Technology changes so quickly these days that we’ve just barely mastered an acquisition before an updated version with amazing new features is out on the market. No wonder we have a tendency to replace things that still work. I myself have just done so with my landline phone, and I’m thrilled with my decision.
However, one of the consequences of rapid technology advances is . . . clutter. (You knew I was going to get around to that, didn’t you?)
What kind of clutter? Let me count the ways:
- Old electronics
I see this in my clients’ homes all the time. Here is some advice to prevent the clutter that occurs when you get new electronics.
Discard the old old one right away if it doesn’t work
If you bought a new one because the old one doesn’t work anymore, why are you keeping it? Take it somewhere that will recycle it (such as Goodwill or Best Buy).
Some people hold on to an old item because they want to “get the information off” before they get rid of it. But they don’t . . . they just hold on to it. If the information was that compelling, you would get around to that, wouldn’t you? If you have gone six months without taking any steps to extract the information from a non-working item, then you clearly are not really in need of that information, so get rid of that thing!
Save the old one for two weeks if it still works
When we get something new, we’re not sure it’s going to work, or if we are going to like it. So if the old one still works, we keep it around, just in case. And so it stays.
Solution: use the new item for two weeks. If you’re happy with it, get rid of the old one and all of the accessories. Give it away to a friend, donate it, or sell it on eBay. Don’t forget to include the manual.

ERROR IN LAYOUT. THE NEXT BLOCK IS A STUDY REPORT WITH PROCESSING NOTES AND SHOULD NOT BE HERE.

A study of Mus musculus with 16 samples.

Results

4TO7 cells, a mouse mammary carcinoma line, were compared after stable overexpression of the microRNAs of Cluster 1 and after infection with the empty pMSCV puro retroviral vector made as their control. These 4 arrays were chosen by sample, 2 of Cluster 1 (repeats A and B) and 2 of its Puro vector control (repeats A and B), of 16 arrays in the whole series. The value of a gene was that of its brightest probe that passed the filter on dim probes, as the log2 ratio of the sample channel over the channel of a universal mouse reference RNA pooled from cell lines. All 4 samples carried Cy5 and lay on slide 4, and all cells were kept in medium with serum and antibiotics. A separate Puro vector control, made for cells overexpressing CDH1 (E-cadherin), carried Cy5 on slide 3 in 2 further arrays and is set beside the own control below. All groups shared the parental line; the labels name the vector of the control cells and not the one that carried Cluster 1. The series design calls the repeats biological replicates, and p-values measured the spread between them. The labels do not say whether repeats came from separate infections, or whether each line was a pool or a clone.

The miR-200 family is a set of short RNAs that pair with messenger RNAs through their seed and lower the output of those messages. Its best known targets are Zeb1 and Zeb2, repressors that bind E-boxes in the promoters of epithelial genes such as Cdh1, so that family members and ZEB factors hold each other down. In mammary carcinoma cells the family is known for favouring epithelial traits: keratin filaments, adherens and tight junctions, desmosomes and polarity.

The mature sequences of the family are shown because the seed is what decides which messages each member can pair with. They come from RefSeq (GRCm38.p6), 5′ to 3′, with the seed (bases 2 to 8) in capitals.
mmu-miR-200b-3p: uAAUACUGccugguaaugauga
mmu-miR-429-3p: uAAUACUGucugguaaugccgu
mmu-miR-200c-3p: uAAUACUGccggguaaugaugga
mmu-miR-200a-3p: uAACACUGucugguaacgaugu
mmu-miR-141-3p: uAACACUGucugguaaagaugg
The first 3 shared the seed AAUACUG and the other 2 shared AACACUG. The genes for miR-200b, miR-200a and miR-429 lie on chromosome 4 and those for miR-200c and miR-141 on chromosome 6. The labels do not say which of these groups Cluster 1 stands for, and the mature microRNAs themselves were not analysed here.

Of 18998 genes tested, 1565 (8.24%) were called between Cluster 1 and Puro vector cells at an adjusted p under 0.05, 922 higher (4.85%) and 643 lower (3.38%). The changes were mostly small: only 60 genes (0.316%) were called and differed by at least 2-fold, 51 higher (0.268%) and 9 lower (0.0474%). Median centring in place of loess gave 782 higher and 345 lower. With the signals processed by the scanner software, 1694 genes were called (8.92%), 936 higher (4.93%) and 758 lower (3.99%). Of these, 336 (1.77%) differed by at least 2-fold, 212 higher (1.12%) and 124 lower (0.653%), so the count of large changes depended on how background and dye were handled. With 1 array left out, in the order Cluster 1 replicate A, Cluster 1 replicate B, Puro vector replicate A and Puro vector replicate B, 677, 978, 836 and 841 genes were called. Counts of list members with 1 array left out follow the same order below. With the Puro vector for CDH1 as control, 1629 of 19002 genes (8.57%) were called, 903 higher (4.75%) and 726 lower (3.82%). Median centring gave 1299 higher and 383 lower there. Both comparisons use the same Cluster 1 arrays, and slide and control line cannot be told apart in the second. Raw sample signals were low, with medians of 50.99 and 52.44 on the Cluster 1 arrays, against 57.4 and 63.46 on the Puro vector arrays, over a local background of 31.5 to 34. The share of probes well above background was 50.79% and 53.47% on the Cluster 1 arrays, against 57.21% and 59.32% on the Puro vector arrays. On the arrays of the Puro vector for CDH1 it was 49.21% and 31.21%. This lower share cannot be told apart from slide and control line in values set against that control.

Get rid of what you don’t need
Once you’ve decided to keep an item, go through the box and dump any papers that are not useful. Keep only the instruction manual, which you should put away in your file cabinet in a folder called “Manuals”.
The registration card and the warranty? Recycle them. The registration card merely provides marketing information to the manufacturer and gets you on an annoying mailing list. And your warranty is valid even if you don’t have the warranty paper, so get rid of it.
The literature in languages that you don’t speak? Recycle it.
What about the box? If it’s not too large, and you have the space for it in a closet — on a very high shelf — then keep it. Items on eBay sell better if they are in the original box. If, however, you don’t have the room, or the box is very large, recycle it.
Label the cables
Many of my clients have boxes of mystery cables and chargers. They can’t remember what devices these items came from, so they are afraid to discard them. So we label the box with a date one year hence, i.e., “Discard after Feb. 24, 2012″. Any cable that is truly in use will get taken out of the box when needed. Anything still in the box when that date comes around is clearly trash.
To prevent a mystery box, label every charger, cable, and accessory that came with your new item. Use a labeler, or use masking tape if you don’t have a labeler. Make it very clear. “Cell phone” isn’t very helpful. “Blackberry Curve 9330″ is more like it.
After you’ve labeled all the cables and accessories, I recommend putting them all in a large Ziploc bag and marking it with name of the item. That will make it easier to find the accessories when you need them. Since you’ve labeled the accessories themselves, you’ll know what bag to return them to after you’ve used them.